In the late sixties and early seventies, when I first started watching football, I was always reading about players who, as the sports-journalism cliché put it, had become “a target for the boo-boys”. These players were hapless individuals who, usually through a whole string of undistinguished performances for an underachieving team, would always attract the wrath of their own fans, no matter what they did – and what they did was usually inept, partly because their confidence had been shot to pieces. Jon Sammels, who played for Arsenal between 1963 and 1971, was, it was widely believed, driven out of the club by the “boo-boys”; later, the malcontents at Highbury aimed their displeasure at David Price, and Lee Chapman, and even, at the end of his time at Arsenal, Michael Thomas, the man who scored the most famous goal in Arsenal’s history. For long periods over the last forty years, in fact, we seemed to have had more targets for the boo-boys than we had idols. Emmanuel Eboue, who came on as a substitute in the game against Wigan last Saturday, but had to be substituted because the crowd were on his back to the extent that he could hardly stand up, is thus the latest in a long and ignoble line of Arsenal players stretching back to a time long before I was born.
In the last few days, however, there have been several articles describing the treatment of Eboue as an entirely modern phenomenon, a result of increased ticket prices, a new breed of fan, etc etc. A man in the Daily Mail went so far as to claim that in the good old days, “supporters’ pride would not allow open displays of dissent. It was considered treachery, because it betrayed a weakness to rivals, and any player’s shortcomings would be swept away in a roar of encouragement.” I am beginning to wonder whether the real problem with football is not a new breed of fan but a new breed of football journalist; some of the people who comment on the game now either have no memory of anything that happened before, say, 2002 (a real disadvantage in sports writing, which needs context), or they actually had no interest in the game before being given their current job. In the Guardian earlier this year, the reliable Harry Pearson actually became quite nostalgic when writing about the “boo boys”. “What a delightful phrase that is, conjuring up for the more elderly among us the smell of Oxo and Old Spice, the rattle of half-time number-boards and the sound of the Harry J All-Stars’ Liquidator being played over a PA system so feeble and tinny it may just as well have been a bloke with a Dansette and a megaphone.” So there you have it. Booing your own player is either something that was invented yesterday by yuppies, or a practise that’s been going on since before Match of the Day was first broadcast in colour.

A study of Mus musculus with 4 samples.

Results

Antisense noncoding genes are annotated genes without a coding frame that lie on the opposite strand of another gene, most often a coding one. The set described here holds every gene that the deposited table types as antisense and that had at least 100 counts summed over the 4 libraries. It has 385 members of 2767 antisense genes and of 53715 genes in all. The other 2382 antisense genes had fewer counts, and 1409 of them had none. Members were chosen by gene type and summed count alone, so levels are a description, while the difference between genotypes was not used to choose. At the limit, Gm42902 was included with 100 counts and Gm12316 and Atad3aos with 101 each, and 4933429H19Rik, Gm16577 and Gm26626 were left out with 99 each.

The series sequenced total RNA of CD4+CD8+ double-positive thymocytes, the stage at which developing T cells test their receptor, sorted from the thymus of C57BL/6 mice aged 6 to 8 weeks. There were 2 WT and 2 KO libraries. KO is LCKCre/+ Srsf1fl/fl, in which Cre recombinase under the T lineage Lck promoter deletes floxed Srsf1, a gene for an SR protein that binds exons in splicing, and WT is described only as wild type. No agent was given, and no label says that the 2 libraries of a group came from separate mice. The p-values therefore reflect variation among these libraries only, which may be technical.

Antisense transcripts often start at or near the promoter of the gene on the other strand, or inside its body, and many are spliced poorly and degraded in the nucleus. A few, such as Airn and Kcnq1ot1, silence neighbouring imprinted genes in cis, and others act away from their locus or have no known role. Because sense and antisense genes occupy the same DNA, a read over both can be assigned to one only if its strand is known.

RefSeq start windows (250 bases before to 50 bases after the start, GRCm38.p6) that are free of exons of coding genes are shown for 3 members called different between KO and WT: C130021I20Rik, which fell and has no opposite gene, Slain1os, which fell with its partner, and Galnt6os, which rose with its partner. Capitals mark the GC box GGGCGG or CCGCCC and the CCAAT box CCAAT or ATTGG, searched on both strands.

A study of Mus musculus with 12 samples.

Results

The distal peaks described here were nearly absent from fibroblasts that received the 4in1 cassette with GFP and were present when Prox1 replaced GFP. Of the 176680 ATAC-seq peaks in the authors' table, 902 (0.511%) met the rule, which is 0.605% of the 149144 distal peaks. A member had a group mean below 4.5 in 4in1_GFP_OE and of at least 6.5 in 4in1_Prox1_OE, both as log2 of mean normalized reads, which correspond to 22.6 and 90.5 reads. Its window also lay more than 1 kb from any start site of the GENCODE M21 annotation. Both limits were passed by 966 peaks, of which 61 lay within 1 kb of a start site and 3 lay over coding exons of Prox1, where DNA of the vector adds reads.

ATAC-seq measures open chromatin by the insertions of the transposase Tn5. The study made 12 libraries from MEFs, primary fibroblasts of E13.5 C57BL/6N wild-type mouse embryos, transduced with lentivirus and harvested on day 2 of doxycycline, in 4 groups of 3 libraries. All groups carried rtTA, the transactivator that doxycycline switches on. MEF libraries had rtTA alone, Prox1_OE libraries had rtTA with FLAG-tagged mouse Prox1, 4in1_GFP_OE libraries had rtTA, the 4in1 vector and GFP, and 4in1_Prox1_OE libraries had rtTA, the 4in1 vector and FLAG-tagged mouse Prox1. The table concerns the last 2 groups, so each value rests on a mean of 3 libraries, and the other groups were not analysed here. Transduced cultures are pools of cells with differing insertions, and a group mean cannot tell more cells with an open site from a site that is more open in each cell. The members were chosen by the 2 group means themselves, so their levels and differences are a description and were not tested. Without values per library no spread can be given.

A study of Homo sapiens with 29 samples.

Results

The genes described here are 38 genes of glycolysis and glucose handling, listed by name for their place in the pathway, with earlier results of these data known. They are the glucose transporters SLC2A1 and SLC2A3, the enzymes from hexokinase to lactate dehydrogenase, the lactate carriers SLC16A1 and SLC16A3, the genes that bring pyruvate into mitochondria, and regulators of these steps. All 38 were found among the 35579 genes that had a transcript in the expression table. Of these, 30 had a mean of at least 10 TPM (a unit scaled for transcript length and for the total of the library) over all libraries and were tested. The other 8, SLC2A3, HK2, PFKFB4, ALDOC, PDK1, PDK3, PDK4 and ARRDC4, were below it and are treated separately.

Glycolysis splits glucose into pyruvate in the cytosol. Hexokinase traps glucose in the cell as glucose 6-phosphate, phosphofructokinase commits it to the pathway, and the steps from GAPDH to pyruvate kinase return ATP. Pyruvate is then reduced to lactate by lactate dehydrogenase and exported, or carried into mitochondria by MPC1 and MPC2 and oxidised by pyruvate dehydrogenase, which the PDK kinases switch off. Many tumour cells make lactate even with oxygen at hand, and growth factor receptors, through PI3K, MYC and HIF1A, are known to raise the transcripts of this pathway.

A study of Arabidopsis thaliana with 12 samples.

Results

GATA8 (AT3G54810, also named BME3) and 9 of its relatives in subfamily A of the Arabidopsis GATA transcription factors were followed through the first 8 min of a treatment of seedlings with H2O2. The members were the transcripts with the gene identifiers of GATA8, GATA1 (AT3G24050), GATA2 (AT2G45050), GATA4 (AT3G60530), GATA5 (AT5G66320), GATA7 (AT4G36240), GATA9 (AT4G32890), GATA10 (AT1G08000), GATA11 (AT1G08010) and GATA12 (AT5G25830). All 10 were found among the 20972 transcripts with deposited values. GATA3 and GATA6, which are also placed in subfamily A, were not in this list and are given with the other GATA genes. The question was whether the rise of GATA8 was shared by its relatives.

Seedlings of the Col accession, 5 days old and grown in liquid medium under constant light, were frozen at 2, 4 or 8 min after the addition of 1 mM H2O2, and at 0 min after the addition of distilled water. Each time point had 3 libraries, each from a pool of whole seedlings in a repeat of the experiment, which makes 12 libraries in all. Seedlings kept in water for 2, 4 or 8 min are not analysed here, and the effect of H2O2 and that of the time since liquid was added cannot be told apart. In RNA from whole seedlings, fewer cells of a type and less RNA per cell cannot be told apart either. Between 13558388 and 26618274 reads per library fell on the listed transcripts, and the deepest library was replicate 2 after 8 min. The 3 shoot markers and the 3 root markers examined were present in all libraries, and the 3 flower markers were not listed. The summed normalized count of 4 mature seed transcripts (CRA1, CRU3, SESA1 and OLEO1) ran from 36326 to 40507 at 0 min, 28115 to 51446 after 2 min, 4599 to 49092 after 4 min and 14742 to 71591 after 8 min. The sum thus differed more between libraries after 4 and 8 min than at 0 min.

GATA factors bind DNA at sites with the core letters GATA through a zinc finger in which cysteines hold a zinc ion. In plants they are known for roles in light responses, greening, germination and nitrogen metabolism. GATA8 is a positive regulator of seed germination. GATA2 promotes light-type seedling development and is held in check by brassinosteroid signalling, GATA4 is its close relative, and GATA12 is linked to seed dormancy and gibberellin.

The reasons poor Eboue was so shoddily treated on Saturday are many and various. A lot of Arsenal fans wouldn’t like him much even if he scored twenty-five goals a season; he’s perceived to be something of an embarrassment, a rare example of a player who both feigns injury and causes injury to others. And the Emirates Stadium is not a happy place at the moment anyway – in fact, it has never been particularly cheerful. The move to the new stadium coincided with, maybe resulted in, the breakup of a great side, and we are now paying much more for much less. The football this season has been a pallid and frustrating imitation of the stuff we were watching even twelve months ago – every year, it seems, experienced players leave, to be replaced by younger, currently lesser talent.
The real problem with English football is that there is no new breed of fan. The average age of spectators at a Premiership match is forty-three; when they boo, they remember Sammels and Chapman, if they’re at Arsenal; or Gareth Hall, at Chelsea; or Torben Piechnik, at Liverpool; or countless other players with two left feet up and down the country and the decades. They will boo until their vocal chords have withered away.